Most people might think of their paychecks as one thing only: money in the bank. However, a paycheck stub contains valuable information that could help you improve your money management skills.
Although companies print different types of paychecks, there are some common details that are required by law. Typically, a pay stub will include the following information: gross pay, net pay, federal and state tax withholdings, Social Security and Medicare deductions, and your year-to-date totals for your earnings and deductions. Here’s exactly what information you’ll find on a pay stub and what it all means for you.
What Is a Pay Stub?
Your pay stub is the part of a paper paycheck that you keep after you cash or deposit the check. Typical information that appears on your pay stub includes the number of hours you worked during the pay period, the gross and net amount you made, a breakdown of the taxes you paid and a list of tax deductions.
Gross Pay vs. Net Pay
You might be confused about the difference between your gross earnings and net pay. Gross pay is the total amount of income you earned during a pay period, which is typically one month or two weeks. Gross pay doesn’t factor in your tax withholdings, like federal income tax.
Net pay is the amount of income that you actually take home after all your taxes and withholdings have been deducted, which includes your federal tax deductions. In other words, net pay is the actual amount of money that you deposit in the bank.
How to Read Your Pay Stub
The different numbers on your paycheck might seem mysterious if you don’t know what they represent. Here’s a full breakdown of a pay stub so you can understand exactly what information is on yours.
- Employer/Company Address: The name and address of your employer
- Employee No.: Your unique ID number at your place of employment used by payroll managers instead of your full name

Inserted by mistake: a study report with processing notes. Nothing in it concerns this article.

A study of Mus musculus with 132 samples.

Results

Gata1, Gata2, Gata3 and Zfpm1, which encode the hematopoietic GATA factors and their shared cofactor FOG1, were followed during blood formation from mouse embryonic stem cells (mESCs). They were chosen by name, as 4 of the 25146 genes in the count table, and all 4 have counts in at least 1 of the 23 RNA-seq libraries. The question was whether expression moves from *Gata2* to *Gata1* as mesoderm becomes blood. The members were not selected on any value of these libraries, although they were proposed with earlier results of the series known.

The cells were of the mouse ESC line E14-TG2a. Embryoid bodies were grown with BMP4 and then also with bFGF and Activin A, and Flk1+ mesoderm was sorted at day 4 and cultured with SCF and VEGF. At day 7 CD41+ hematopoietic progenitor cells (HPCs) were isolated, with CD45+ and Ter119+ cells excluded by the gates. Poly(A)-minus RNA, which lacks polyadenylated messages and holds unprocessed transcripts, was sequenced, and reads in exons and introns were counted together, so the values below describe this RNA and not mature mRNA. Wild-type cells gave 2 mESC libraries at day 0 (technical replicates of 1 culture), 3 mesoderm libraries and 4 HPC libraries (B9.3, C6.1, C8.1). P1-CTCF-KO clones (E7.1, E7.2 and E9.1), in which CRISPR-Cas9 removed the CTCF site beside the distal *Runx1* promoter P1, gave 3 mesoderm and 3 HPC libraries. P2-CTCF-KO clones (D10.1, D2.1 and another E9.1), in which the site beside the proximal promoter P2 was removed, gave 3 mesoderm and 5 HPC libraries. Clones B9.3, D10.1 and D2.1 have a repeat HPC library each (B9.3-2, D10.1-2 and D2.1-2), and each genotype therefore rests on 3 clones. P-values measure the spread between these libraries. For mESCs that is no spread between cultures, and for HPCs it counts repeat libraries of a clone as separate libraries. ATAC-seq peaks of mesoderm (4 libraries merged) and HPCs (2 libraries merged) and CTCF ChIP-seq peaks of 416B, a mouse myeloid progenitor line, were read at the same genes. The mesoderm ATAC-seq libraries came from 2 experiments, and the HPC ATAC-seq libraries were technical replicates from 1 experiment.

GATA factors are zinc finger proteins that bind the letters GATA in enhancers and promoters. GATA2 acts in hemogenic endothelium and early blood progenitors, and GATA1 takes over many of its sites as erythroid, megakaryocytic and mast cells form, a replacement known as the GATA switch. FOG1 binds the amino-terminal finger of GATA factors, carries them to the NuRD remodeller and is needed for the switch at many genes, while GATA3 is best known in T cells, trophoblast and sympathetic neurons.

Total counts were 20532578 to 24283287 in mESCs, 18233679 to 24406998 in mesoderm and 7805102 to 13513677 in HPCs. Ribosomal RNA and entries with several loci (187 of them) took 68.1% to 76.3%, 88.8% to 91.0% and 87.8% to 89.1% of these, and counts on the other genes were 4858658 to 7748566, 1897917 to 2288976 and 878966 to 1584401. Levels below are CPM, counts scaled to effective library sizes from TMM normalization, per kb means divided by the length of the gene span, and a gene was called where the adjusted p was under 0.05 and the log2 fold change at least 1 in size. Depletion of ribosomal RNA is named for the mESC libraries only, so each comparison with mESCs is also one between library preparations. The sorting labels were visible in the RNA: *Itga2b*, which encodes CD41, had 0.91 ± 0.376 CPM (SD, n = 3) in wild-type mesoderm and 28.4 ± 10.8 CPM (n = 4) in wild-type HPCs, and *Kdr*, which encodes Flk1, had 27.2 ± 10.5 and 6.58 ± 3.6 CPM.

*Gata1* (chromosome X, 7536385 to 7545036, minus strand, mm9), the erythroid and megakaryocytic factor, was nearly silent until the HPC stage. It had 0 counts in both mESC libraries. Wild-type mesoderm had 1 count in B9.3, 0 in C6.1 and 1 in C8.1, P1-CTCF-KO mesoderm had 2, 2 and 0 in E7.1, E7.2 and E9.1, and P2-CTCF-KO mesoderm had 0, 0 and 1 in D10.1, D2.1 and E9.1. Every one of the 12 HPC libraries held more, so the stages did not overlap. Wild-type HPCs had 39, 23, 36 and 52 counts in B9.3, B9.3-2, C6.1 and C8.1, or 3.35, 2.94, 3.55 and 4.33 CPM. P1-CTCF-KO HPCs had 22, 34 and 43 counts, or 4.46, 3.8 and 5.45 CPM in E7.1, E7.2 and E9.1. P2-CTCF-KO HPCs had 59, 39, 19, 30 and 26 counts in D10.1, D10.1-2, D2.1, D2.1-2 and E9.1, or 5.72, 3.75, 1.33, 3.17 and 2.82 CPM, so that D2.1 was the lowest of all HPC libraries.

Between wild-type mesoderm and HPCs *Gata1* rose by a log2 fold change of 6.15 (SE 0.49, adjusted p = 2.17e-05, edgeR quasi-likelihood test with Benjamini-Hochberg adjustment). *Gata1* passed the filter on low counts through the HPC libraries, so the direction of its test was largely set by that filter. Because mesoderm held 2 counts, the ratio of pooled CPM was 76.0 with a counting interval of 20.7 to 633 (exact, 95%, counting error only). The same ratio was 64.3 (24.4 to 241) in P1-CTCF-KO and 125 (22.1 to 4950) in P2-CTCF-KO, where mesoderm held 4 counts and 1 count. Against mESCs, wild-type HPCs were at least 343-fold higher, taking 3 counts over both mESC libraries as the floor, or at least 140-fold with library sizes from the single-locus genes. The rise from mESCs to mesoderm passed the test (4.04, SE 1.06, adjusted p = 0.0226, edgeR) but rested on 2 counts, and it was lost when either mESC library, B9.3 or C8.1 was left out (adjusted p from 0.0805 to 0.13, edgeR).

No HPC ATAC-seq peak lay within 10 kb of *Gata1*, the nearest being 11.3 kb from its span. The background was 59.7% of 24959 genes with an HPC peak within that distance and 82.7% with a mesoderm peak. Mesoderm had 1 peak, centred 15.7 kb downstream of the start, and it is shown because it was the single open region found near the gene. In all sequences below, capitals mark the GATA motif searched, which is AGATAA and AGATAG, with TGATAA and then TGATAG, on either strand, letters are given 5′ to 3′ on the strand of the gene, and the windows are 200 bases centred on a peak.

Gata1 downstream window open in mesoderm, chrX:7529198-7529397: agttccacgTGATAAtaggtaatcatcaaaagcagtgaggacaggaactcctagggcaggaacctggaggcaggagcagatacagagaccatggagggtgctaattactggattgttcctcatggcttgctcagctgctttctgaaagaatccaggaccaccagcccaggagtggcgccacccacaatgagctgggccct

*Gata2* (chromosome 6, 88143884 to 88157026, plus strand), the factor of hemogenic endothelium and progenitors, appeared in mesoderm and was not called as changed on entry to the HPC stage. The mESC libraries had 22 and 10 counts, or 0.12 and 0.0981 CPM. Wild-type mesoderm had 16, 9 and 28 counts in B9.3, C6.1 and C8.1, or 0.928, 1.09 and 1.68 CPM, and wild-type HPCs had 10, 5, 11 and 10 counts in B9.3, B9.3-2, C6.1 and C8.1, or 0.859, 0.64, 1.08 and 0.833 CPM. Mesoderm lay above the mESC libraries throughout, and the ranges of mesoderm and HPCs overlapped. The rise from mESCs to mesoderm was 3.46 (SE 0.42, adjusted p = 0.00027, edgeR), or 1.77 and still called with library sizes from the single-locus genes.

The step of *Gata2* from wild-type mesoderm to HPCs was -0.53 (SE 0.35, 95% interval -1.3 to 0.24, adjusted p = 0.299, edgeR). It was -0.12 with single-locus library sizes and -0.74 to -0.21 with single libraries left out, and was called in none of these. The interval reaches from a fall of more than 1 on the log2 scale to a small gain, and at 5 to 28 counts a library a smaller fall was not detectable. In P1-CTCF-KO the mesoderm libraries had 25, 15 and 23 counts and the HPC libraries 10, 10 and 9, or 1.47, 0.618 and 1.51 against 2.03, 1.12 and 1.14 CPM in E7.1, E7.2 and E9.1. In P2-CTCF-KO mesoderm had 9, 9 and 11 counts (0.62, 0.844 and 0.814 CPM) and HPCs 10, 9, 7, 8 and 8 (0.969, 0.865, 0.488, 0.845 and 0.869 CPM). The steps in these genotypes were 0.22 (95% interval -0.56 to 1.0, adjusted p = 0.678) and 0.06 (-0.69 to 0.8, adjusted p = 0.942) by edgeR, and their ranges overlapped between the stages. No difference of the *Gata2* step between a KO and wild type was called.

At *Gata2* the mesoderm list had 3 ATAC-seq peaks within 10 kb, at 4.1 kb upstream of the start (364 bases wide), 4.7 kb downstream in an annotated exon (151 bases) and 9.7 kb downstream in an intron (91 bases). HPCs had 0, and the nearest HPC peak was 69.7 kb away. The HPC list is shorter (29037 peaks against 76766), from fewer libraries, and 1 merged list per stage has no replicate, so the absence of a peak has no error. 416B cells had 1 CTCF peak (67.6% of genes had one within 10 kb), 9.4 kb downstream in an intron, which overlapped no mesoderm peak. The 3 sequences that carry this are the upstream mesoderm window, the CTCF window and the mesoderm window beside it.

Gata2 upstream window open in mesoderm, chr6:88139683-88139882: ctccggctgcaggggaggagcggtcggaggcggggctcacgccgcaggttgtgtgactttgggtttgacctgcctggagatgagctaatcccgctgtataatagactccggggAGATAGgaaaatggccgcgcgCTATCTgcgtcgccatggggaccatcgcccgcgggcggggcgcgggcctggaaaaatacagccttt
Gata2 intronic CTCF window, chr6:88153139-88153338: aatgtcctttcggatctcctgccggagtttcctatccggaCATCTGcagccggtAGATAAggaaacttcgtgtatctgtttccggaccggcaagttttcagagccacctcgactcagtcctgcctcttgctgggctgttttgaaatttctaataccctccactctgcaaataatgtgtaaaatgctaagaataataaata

- Employee Name: Your name
- Social Security No.: Your Social Security number
- Period Beg.: Date the pay period began; “Beg.” stands for “beginning.”
- Period Ends: Date the pay period ended
- Check Date: Date the check was issued
- Earnings: The type of income you received, which can include regular pay, overtime pay or other types of wages
- Hours: The number of hours worked during the pay period if you are an hourly employee — left blank for salaried employees
- Rate: The hourly rate and number of hours worked if you’re an hourly employee, as well as any bonuses or commissions for the pay period
- Current Amount: Amount you’ve earned during the pay period before withholding and deductions
- Withholding/Deductions: Federal and state taxes taken from your gross earnings for inclusion on your W-2, including Social Security, Medicare and W-2 withholding tax
- Current Amount: An itemized list of withholdings and deductions for the pay period
- Year to Date: The period starting from the beginning of the year to the present; the figure represents your itemized deductions during that time period
- Current Amount: Your gross earnings during the pay period before any withholding and deductions have been taken out
- Current Deductions: Amount of deductions — possibly including 401k or other retirement savings plan contributions — taken out during the pay period
- Net Pay: Amount of take-home pay, or your pay after tax, after all deductions have been taken out
- YTD Earnings: Amount of total earnings for the year to date, from the first of the calendar year up to and including the pay stub’s pay period
- YTD Deductions: Amount of total deductions from the first of the calendar year up to and including the pay stub’s pay period
- YTD Net Pay: Amount of total net pay earnings from the first of the calendar year up to and including the pay stub’s pay period
- Check Number: The check number for the specific payment
Related: 20 Perks of Direct Deposit
Save Your Pay Stubs
If you need more help reading your paycheck stub or if a particular calculation doesn’t seem correct, get assistance from your HR department. Your pay stub contains important pieces of information, and it’s important that you understand each piece. It’s also crucial that you check your stub to make sure it’s accurate — and let your employer know if there are any mistakes.
Find Out: What to Do If You Lost Your W-2
Paycheck stubs serve as proof of income, and government agencies, lenders and landlords often request them to verify your earnings. A pay stub contains all your income information, so it’s a great tool for tracking your salary, the taxes you’ve paid, insurance premium amounts, bonus information, and vacation and overtime pay. It’s important to save your pay stubs in case you need them for anything that requires income verification.